Our chicken coop adventure began when I spotted an expensive pre-fab chicken coop for sale at an antique/thrift/junk shop. I looked up online, stumbled upon Backyard Chickens.com and researched local code. Backyard chickens are okay in the town to which we had recently moved as long as 100 feet from any neighbor’s house. My coop is actually within 100 ft. of a vacant house and we will deal with that situation when the house becomes occupied, but the code is only enforced if the neighbor complains (free eggs for the new neighbor!).
We ordered our 4 chicks from a local feed store and set out deciding on a coop. We went pre-fab from Amazon because of costs involved and after much renovation, adding another pre-fab coop, and serious re-construction of the set-up, we put our little ladies out at about 5 weeks old. It quickly became obvious that the pre-fab creation was not going to work. After a few months, we began our new project on a big, beautiful, easy to maintain coop, run, and yard.
The girls have been living in it since October 2014 and it has served us well. The size and design were based on our needs and our climate. We live in a dry southwest climate. That means 100+ degree summers and occasional snow/ice in the winter. Strong winds can be a factor and our ground is hard, red, clay. We wanted enough room in the coop for nest boxes and roost with a poop board, lots of ventilation for those hot summer days and nights, and a good sized protected run since we were not going to free-range very often. We also added a fenced yard to open the run door into. This doubles or triples their space and they spend their days with all the area and are locked into the coop/run for the evenings - no door on the pop opening in the coop. The entire run/coop is built to be predator-proof.
The coop is 6’ deep x 5’ wide and the run is 18’ long by 6’ deep plus the additional area under the coop. We bought some old screen doors and window frames and used those with our store-bought materials to create their new digs. The roof is shingled and slanted with a gutter to catch rainwater and directed into a ditch on the side of our home. I have Sweet PDZ in the poop tray which I scoop about 2x per week. The nest boxes (4) have outside access, but I do have to go inside the run to access the coop for scooping and general clean-out. After trying all kinds of do-it-yourself feeders and waterers, we have settled on a store-bought hanging plastic feeder and waterer, although we have kept our bucket with nipples available in the run as a back-up waterer. We used our privacy fence for two sides which saved on materials and the entire run and windows of the coop are covered in hardware cloth. One of my favorite parts of the whole set-up is the fenced run with gate, which allows them so much more room and sun. They don’t fly over as long as I don’t put anything too close to the fence. We covered the windows and large door of the coop with a plastic laminate material for the winter to block cold wind and the top of the coop has open eaves for continual ventilation. We have wimped out and added a heat lamp and turn it on when it goes below 30 degrees, but it's probably not necessary.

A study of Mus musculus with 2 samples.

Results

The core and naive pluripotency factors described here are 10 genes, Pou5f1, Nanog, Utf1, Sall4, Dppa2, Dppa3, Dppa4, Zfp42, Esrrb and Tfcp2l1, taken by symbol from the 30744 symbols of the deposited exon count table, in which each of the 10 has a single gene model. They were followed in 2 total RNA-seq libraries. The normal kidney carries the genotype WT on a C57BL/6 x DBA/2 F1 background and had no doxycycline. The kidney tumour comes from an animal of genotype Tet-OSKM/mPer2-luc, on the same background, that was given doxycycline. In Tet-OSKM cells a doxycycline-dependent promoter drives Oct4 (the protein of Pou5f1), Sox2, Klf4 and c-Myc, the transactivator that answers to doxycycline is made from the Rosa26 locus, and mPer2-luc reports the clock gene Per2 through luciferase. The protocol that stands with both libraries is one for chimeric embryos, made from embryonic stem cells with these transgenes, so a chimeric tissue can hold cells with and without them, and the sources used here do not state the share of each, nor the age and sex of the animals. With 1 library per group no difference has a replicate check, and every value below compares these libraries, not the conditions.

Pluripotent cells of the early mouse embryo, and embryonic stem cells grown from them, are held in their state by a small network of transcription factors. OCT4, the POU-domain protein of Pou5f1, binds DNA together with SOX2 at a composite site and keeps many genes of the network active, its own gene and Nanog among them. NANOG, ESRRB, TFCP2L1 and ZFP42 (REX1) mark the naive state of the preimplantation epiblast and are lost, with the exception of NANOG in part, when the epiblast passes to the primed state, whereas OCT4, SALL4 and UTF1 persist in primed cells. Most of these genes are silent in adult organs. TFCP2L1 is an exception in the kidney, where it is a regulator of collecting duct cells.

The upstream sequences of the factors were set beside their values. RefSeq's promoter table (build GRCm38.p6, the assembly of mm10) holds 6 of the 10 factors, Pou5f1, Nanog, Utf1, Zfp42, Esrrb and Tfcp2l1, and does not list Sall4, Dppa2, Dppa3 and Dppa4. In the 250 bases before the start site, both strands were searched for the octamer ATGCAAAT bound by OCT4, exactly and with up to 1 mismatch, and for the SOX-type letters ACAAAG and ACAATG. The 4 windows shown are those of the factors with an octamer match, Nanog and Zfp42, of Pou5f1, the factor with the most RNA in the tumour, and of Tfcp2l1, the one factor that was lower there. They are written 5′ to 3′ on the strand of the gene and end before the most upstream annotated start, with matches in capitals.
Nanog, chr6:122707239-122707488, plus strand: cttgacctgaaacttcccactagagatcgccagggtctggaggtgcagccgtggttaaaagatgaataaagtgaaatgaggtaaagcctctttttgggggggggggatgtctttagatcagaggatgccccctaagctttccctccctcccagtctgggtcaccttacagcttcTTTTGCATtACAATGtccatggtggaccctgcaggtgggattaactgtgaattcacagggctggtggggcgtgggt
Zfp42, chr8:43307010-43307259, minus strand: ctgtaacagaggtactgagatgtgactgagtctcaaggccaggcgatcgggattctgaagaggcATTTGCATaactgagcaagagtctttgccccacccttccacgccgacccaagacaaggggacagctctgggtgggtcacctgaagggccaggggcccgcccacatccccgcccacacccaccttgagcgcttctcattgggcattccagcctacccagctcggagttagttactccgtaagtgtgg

I have been in 7th heaven since we built this coop. The hens are happy and it is so much easier to take care of them. No bending! My recommendations for anyone considering chickens is to build the best coop you can afford as it will make the experience so much more positive. We spent a little under $1,000 on this venture which absolutely makes me cringe, but the trade-off of a great set-up and happy hens and a happy caretaker are worth it! We were able to sell the original coop for $300 and let the new owner know that this would only be good for chicks and he'd need to upgrade.
Our latest update is a broody pen divider since our Buff Orpington went broody and we gave her some fertile eggs from a co-worker of mine. We are down to one embryo/egg, so hopefully we will have a chick in a few weeks!
ORIGINAL COOP - Way too small and inconvenient and the heat reflected off the low roof into the run and coop!
CROWDED LADIES IN THE OLD COOP!
HUBBY WORKING ON COOP BASE - 4x4s over a gravel trench for the entire structure base. I think it's pressure-treated and then we used cedar for most of the other wood. We kept the dirt floor and put pine bark mulch (untreated, natural) over the dirt. For the winter we opened a straw bale over all of that. I'll clean out the straw and rake everything when winter ends.
COOP COMPLETE without REFINEMENTS - I got lazy picture taking, but you can see we used the screen door frames for the front and my husband built this thing like Fort Knox. We have stained all the wood and painted the coop neutral. We also replaced the temporary fence with a real fence and gate, so the girls are secure when in the yard area.
COOP INTERIOR - We have made some adjustments, such as adding the hanging feeder and waterer, placement of straw bale and bench. I added a nice sand box for dust-bathing and we removed the ladder in the coop. They just hop up on their own.
OUR BROODER BEFORE WE MOVED THE GIRLS OUTSIDE!
OUR FIRST BROODER BEFORE WE REALIZED THEY WOULD OUTGROW IT!
MY FOUR LITTLE BABIES WHO ARE NOW ALMOST 1 YEAR OLD!
OUR NEW BROODY SUBDIVIDE. We let Daisy our BO (above as a pullet) out into the open areas 1x per day, but otherwise we have to protect her egg as we had an egg attack and lost all except 3. We are down to one viable egg and hope it gives everyone a present in two weeks!
UPDATE 2/11 - Our broody hen's last egg broke, so we wound up pulling the old switcheroo and gave her 9 chicks (half are going to a friend). She is having fun being a new Mama and all are doing well after 4 days of becoming a family. We built a grow-out pen to move Mama and chicks later this week, so the run design is still working well for us. Thanks for sharing your comments! We have enjoyed every minute of our chicken adventures!